7 Reasons To Visit Bhutan


Buddhism is ingrained into Bhutan's landscape and daily life, with prayer flags, prayer wheels and white chortens. A basic understanding of Buddhism really does add to the experience of travelling through Bhutan, and helps one to really appreciate the complex visual tapestries that are found throughout the country.Mahayana Buddhism is the state religion of Bhutan, and Buddhists comprise two-thirds to three-quarters of its population. 


Bhutan's dzongs are the most striking architectural feature of the country; large white washed forts with battered walls (inward sloping to appear larger than they actually are). They are the administrative and religious centres of authority in each region. Two of Bhutan's best known dzongs can be found at Punakha and Trongsa. Most distinct and magnificent, the Dzong (fortress) is an architectural masterpiece with as much interest in its origin as to its functions and beauty. Thrilling myths and legends circle the Dzongs


Festivals or 'tsechus' are a major part of Bhutanese life and offer a unique cultural insight into this Himalayan Kingdom. They are colourful affairs with lots of masked dancing and bright costumes offering wonderful photo opportunities. During the larger festivals Bhutan is very popular with tourists and some of its charm can be lost, so visiting the smaller festivals is advisable. It is said that everyone must attend a Tshechu and witness the mask dances at least once to receive the blessings and wash away the sins.

Gross National Happiness

Gross National Happiness is a truly unique and very Bhutanese idea. It is a more holistic approach to development and is drawn from the Buddhist belief that the ultimate purpose of life is inner happiness. It has been used to measure Bhutan's development since 1972 when the fourth king proposed the idea. The assessment of gross national happiness was designed in an attempt to define an indicator that measures quality of life or social progress in more holistic and psychological terms than only the economic indicator of gross domestic product (GDP)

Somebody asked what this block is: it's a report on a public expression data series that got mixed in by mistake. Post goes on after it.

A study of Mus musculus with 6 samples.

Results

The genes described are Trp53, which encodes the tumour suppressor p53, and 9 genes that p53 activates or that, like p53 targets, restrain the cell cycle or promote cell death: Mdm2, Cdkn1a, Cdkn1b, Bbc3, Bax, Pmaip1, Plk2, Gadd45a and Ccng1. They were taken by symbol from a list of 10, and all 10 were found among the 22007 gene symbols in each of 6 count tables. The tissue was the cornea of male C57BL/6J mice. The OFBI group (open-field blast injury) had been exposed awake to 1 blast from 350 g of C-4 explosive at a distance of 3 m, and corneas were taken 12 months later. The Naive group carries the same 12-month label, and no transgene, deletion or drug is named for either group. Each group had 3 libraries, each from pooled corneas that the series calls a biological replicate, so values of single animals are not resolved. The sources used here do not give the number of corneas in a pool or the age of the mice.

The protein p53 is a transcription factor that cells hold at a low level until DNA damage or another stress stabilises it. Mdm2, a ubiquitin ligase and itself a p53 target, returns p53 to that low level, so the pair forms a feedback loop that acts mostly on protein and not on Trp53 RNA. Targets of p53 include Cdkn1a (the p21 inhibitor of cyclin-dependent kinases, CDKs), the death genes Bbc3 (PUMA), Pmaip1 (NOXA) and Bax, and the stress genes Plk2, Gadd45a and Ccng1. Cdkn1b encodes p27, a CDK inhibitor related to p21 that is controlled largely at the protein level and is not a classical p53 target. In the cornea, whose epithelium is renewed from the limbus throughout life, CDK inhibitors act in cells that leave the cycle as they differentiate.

Off the beaten track

Bhutan only has a fraction of visitors compared to most countries, with only a limited number of flights in and out of one airport. Visiting Bhutan you are able to experience a way of life that in the rural areas has largely remained unchanged for centuries. You may wish to visit a local farm or even stay in a simple traditional Bhutanese home. Bhutan has long maintained a policy of strict isolationism, both culturally and economically

Unspoilt landscapes

Travelling through Bhutan it is easy to take the picturesque valleys for granted, but as soon as you leave you realise just how unspoilt Bhutan is. Although Thimpu, the capital, has expanded, the towns are very small - over each pass you descend into another beautiful and unspoilt landscape. Bhutan, officially the Kingdom of Bhutan, is a landlocked state in South Asia located at the eastern end of the Himalayas. It is bordered to the north by China and to the south, east and west by the Republic of India.


One of the best ways to explore Bhutan is by foot. There are numerous day walks that can be arranged and for those who want to trek we specialise in offering short two or three night treks.